The preferred solution would be to build your own conda package (information here).
Another solution would be to create a link between your package directory and any directory in sys.path. In this way, when you ask python to import your package, anaconda will search through its various sys.path directories and it will read the link to your package as if that package were in one of the sys.path directories.
Linking a directory can be performed easily with the
ln (link_name) command. As an example:
ln -s /path/to/my/package /path/to/anaconda/lib/python2.7/site-packages/
The above link will allow you to import your package in the default environment of anaconda from any directory. This will not affect any of the other environments.
If you want to add the package to a specific environment (e.g. - "myenv") within anaconda, you can link the package to one of that particular environment's sys paths:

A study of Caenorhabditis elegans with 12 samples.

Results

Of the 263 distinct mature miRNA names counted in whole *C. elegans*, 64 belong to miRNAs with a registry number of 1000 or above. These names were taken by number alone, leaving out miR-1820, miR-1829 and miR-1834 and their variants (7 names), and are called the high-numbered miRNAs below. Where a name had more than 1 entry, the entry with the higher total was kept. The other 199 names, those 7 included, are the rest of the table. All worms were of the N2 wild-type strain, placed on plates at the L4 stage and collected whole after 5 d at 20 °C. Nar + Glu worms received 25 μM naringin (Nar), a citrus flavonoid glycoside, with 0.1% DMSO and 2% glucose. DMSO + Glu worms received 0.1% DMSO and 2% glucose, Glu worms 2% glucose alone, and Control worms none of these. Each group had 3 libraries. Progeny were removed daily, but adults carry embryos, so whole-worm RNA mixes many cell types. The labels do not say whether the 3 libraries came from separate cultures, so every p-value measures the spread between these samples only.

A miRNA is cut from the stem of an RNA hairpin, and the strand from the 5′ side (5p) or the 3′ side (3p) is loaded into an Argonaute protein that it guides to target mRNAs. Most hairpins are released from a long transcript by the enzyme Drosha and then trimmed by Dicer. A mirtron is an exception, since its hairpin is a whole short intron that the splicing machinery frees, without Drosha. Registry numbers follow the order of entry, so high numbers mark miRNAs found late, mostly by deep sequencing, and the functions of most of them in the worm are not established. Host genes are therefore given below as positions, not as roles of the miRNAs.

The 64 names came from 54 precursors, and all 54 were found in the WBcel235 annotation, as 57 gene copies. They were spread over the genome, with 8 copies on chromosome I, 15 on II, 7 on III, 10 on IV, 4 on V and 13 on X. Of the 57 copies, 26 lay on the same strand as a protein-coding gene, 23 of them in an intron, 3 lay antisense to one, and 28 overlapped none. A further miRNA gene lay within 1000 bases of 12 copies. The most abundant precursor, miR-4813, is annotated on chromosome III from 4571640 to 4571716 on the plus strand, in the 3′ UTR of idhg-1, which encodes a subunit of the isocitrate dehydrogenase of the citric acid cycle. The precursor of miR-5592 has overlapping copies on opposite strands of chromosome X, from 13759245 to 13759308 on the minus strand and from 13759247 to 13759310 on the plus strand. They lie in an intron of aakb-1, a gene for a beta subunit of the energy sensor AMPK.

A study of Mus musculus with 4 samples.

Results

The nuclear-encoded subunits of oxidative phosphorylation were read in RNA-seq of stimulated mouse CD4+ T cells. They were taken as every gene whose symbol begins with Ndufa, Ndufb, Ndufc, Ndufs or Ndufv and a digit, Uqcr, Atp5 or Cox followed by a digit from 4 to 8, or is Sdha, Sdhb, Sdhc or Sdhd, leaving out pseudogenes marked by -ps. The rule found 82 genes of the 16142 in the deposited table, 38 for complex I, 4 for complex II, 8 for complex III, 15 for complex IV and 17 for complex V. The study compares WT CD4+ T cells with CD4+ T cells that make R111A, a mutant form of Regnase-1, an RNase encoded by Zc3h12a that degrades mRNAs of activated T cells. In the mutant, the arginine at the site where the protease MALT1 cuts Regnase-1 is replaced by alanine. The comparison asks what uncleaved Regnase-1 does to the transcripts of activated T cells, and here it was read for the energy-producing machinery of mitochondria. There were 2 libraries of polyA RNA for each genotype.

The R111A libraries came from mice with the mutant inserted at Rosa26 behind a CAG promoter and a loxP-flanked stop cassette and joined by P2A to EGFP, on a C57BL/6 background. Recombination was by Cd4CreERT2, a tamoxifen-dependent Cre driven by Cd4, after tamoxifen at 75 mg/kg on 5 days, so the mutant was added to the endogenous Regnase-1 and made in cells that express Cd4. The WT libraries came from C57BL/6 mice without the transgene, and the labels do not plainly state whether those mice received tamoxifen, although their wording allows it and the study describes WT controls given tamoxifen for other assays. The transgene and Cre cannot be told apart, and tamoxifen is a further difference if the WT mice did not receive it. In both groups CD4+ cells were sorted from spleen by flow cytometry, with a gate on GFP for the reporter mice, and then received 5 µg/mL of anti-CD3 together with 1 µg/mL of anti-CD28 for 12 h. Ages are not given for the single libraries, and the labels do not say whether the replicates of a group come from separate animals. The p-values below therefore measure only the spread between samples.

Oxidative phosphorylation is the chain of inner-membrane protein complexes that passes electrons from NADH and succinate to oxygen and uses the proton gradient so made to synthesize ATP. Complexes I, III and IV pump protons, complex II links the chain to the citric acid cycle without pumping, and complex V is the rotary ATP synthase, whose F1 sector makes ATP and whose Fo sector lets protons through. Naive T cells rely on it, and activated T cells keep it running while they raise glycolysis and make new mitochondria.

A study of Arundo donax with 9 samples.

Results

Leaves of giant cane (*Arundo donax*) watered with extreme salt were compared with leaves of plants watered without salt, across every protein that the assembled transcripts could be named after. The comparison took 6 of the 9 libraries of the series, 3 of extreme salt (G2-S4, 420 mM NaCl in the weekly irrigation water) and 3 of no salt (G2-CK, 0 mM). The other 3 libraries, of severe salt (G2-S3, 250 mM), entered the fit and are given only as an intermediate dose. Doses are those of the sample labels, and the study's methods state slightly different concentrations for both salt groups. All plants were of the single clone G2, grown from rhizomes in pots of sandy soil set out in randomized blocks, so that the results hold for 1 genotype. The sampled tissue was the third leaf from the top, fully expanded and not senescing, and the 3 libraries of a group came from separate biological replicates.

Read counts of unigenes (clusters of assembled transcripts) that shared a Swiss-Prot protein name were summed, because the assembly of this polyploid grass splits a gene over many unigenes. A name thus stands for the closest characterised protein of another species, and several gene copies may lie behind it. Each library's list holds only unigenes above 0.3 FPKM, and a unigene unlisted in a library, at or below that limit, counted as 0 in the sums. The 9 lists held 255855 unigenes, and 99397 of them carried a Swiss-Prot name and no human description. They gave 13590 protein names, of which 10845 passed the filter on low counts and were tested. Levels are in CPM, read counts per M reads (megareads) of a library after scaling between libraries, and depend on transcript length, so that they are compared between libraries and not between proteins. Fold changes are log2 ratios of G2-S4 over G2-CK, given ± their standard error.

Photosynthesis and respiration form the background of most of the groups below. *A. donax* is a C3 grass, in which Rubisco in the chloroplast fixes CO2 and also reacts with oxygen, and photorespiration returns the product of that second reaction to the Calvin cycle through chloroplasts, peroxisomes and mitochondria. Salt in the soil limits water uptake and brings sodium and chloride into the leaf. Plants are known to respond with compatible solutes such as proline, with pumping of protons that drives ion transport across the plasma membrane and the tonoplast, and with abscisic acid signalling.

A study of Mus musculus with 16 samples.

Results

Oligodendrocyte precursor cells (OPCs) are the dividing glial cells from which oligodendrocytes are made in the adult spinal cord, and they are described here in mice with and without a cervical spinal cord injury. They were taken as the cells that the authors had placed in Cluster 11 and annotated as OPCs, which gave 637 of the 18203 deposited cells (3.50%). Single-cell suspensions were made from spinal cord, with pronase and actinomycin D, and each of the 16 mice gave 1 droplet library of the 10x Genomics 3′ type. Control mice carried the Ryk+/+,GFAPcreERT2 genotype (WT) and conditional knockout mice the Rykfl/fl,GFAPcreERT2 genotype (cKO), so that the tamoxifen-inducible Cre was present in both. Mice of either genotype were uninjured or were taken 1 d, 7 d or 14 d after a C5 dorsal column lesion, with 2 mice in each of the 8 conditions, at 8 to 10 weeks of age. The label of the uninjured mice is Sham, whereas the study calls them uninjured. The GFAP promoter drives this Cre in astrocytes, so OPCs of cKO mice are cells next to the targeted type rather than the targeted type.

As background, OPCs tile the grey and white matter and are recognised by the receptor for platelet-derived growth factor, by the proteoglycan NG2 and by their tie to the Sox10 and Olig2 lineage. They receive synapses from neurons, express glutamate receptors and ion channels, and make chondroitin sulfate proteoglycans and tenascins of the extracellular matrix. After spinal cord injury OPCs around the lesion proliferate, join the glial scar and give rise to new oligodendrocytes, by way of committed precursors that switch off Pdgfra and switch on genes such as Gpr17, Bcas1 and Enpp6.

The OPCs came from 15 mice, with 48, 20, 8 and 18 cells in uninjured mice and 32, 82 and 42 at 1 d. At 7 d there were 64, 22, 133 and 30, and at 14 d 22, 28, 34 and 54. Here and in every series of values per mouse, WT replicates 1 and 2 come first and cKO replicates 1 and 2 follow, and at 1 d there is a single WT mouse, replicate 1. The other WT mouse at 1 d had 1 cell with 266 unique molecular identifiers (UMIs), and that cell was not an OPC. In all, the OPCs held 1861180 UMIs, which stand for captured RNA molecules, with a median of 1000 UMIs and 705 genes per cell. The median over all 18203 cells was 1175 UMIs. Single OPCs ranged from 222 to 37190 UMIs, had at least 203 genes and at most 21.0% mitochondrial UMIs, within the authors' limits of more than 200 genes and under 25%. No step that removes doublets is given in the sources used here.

ln -s /path/to/my/package /path/to/anaconda/env/myenv/lib/python2.7/site-packges/
Note the following:
- Linking your package directory to a sys path, rather than actually moving the package directory to a sys path, allows you to keep your package in your directory of choice.
-s flag generates a soft link (much like a shortcut). If you move your package directory, the link will fail to work. Running
ln without the
-s flag generates a hard link (like a mirror copy) that will not be affected by moving (or even deleting..) the package directory. The pros and cons of soft links and hard links are debated here
Windows users should utilize mklink. For information, look here.